To Cadwalader Evans
Reprinted from Samuel Hazard, ed., Hazard’s Register of Pennsylvania, XVI, No. 5 (August 1, 1835), 92–3.
London, July 18, 1771.
I wrote to you of the 4th instant per Gill, and sent you a Paper of Observations on your Specimens of Silk drawn up by Mr. Patterson, who is noted here in that Trade, with a Specimen of Italian Silk as a copy for our People to imitate. But they must not be discouraged if they should not come up to the Lustre of it, that being the very finest, and from a particular District in Italy, none other being equal to it from any other District or any other Country.
The European Silk I understand is all yellow, and most of the India Silk. What comes from China is white. In Ogilby’s Account of that Country, I find that in the Province of Chekiang “they prune their Mulberry Trees once a year as we do our Vines in Europe, and suffer them not to grow up to high Trees, because thro’ long Experience they have learn’d that the leaves of the smallest and youngest Trees make the best Silk, and know thereby how to distinguish the first Spinning of the Threads from the second, viz. the first is that which comes from the young Leaves that are gather’d in March, with which they feed their Silkworms; and the second is of the old Summer Leaves. And it is only the Change of Food, as the young and old Leaves which makes the Difference in the Silk. The Prices of the first and second Spinning differs among the Chinese. The best Silk is that of March, the coarsest of June, yet both in one year.” I have copied this passage1 to shew that in Chekiang they keep the Mulberry Trees low; but I suppose the Reason to be, the greater Facility of gathering the Leaves. It appears too by this passage, that they raise two Crops a year in that Province, which may account for the great Plenty of Silk there. But perhaps this would not answer with us, since it is not practis’d in Italy, tho’ it might be try’d. Chekiang is from 27 to 31 Degrees in North Latitude. Duhalde has a good deal on the Chinese Management of the Silk Business.2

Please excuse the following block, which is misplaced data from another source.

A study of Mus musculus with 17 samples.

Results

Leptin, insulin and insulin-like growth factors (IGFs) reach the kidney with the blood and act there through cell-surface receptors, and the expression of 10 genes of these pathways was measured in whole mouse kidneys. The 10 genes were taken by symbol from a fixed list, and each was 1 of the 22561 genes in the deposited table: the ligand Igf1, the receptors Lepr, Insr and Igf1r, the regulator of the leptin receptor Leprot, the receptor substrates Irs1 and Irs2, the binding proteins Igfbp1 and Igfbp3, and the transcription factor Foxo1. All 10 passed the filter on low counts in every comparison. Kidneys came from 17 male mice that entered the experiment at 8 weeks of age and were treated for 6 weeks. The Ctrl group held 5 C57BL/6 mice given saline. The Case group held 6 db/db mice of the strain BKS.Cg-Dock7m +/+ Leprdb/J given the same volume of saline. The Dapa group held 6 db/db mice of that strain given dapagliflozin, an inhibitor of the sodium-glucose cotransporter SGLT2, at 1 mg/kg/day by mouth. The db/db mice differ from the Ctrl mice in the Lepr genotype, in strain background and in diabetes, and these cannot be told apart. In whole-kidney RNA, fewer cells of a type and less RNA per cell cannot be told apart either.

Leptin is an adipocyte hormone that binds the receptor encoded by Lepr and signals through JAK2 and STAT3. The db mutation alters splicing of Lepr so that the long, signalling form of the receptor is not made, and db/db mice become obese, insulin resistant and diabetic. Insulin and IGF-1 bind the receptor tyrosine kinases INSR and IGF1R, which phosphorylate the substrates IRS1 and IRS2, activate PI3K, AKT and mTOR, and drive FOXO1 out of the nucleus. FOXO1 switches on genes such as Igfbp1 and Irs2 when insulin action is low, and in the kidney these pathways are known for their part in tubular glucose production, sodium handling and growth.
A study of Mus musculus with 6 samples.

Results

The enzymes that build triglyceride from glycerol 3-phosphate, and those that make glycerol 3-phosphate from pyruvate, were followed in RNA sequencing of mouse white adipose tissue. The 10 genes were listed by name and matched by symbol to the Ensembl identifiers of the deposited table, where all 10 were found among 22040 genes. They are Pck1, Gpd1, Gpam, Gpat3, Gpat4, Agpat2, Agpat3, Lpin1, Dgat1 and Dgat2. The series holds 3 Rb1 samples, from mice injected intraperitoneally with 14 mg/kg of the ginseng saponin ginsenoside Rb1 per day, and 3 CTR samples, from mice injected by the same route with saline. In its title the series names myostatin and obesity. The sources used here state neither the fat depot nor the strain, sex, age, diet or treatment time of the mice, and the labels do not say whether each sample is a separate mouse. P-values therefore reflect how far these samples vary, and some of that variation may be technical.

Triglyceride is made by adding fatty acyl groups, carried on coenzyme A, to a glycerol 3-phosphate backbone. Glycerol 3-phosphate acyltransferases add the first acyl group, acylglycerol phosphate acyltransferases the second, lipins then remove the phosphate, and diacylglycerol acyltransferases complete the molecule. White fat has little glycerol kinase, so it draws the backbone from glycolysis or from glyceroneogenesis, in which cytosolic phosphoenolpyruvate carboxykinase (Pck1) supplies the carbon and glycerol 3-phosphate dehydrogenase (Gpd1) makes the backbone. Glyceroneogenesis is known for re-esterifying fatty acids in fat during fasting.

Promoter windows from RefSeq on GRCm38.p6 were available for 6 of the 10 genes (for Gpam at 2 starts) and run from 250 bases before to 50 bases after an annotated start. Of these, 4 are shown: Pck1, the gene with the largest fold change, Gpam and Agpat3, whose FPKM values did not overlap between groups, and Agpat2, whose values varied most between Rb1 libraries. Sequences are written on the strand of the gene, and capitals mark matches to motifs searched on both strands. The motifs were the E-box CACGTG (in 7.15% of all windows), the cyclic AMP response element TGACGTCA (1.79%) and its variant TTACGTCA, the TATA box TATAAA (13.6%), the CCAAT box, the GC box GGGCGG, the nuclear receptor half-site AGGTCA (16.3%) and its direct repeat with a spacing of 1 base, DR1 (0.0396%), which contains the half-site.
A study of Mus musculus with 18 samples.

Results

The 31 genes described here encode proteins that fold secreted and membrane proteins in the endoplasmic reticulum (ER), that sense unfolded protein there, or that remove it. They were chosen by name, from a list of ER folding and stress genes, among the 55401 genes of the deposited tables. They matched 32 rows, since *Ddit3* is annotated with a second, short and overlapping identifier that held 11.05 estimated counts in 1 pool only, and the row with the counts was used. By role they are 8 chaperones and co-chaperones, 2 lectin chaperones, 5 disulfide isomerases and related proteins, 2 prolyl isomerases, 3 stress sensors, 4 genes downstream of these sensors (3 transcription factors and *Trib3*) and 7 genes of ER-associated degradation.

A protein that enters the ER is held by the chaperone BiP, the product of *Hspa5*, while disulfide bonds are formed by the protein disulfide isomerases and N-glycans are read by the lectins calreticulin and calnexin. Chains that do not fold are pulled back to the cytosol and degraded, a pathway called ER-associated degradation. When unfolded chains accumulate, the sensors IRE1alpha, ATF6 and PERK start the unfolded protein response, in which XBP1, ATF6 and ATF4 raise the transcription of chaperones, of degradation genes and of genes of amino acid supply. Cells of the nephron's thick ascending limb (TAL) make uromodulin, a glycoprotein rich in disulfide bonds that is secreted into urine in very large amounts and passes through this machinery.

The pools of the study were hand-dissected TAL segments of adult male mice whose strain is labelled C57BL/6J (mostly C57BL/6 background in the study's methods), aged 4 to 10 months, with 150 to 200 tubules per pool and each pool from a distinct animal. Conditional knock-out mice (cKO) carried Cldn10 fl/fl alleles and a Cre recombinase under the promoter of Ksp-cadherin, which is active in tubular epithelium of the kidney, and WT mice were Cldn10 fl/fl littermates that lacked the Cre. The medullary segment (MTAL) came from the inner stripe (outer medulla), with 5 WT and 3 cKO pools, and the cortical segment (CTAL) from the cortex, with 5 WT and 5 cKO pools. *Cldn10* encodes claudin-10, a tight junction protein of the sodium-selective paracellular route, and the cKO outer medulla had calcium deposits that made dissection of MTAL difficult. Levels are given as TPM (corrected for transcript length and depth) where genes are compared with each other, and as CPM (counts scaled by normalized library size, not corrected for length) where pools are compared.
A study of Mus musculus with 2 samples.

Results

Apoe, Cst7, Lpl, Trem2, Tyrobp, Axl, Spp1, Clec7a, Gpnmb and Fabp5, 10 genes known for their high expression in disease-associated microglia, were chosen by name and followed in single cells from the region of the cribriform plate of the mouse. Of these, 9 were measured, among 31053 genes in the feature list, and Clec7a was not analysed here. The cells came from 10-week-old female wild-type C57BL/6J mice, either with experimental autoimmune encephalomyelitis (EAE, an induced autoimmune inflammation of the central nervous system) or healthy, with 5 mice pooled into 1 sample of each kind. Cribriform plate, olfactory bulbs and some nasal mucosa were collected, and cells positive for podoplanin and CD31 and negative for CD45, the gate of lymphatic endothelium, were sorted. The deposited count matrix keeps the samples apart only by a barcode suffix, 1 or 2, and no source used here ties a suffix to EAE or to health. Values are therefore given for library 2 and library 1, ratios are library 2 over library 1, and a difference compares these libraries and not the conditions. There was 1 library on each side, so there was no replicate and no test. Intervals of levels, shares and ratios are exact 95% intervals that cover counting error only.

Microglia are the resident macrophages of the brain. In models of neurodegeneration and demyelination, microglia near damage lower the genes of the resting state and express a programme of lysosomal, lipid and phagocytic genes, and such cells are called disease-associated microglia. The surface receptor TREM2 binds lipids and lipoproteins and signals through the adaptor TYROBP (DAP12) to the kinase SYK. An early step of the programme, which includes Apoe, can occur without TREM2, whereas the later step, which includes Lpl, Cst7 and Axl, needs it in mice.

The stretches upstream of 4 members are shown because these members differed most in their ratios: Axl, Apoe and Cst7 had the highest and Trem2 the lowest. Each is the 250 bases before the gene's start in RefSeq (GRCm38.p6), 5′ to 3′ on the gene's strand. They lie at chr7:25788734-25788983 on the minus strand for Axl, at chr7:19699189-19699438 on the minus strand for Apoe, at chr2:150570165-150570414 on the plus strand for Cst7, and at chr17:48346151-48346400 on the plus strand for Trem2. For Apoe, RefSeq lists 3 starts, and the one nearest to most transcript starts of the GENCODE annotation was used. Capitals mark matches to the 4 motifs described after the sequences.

Dr. Pullein is an Acquaintance of mine. I will forward any Letters you may send him. He lives in Ireland, but often comes to London.3
As you did not write to Dr. Fothergill, I communicated to him what you wrote in favour of Mr. Parke who is to wait on him tomorrow. I shall be glad to render the young Man any Service here.4
We had a cold backward Spring here, and it is since the Solstice that we have had what may be called a warm Day. But the Country now looks well with the Prospect of great Plenty. It is however the general Opinion that Britain will not for some years export much Corn, great Part of the arable Land being now enclosed and turn’d to Grass, to nourish the immense Number of Horses raised for Exportation, there being a Rage in France and other parts of Europe for English Horses, that seems increasing every year.
I hope our Friend Galloway will not decline the Public Service in Assembly with his private Business. Both may be too much for his Health:5 But the first alone will be little more than an Amusement: And I do not see that he can be spared from that Station without great Detriment to our Affairs and to the general Welfare of America. I am with sincere esteem Your affectionate friend and humble Servant.
Dr. Cadw. Evans.
P.S. The enclosed Notes were given me by Mr. Small a Leading Member of the Society of Arts,6 with a Desire that I would send them over to some Member of your Philosophical Society; supposing the Herb may be of some use.
1. He did not copy it; he was averse, as mentioned before, to quoting even himself precisely. In this case he paraphrased with so much freedom that he introduced one point not in the original: the superiority of young trees as well as young leaves. The passage is in John Ogilby’s translation of Johan Nieuhof, An Embassy from the East India Company of the United Provinces, to the Grand Tartar Chan, Emperour of China (London, 1669), p. 254.
2. Jean Baptiste du Halde, A Description of the Empire of China and Chinese Tartary... (2 vols., London, 1738–41).
3. See BF to Evans above, July 4.
4. For Thomas Parke, Evans’ former student and protégé, see Evans to BF above, May 4.
5. Evans had spoken of Galloway’s ill health two years earlier, and Galloway had mentioned in the previous September his discontent with politics (XVI, 156–7; XVII, 228–9); but BF may well be responding to some comment in a more recent letter from Evans that has disappeared.
6. William Small, the erstwhile professor of natural history at William and Mary, now living in Birmingham. See above, XI, 480 n.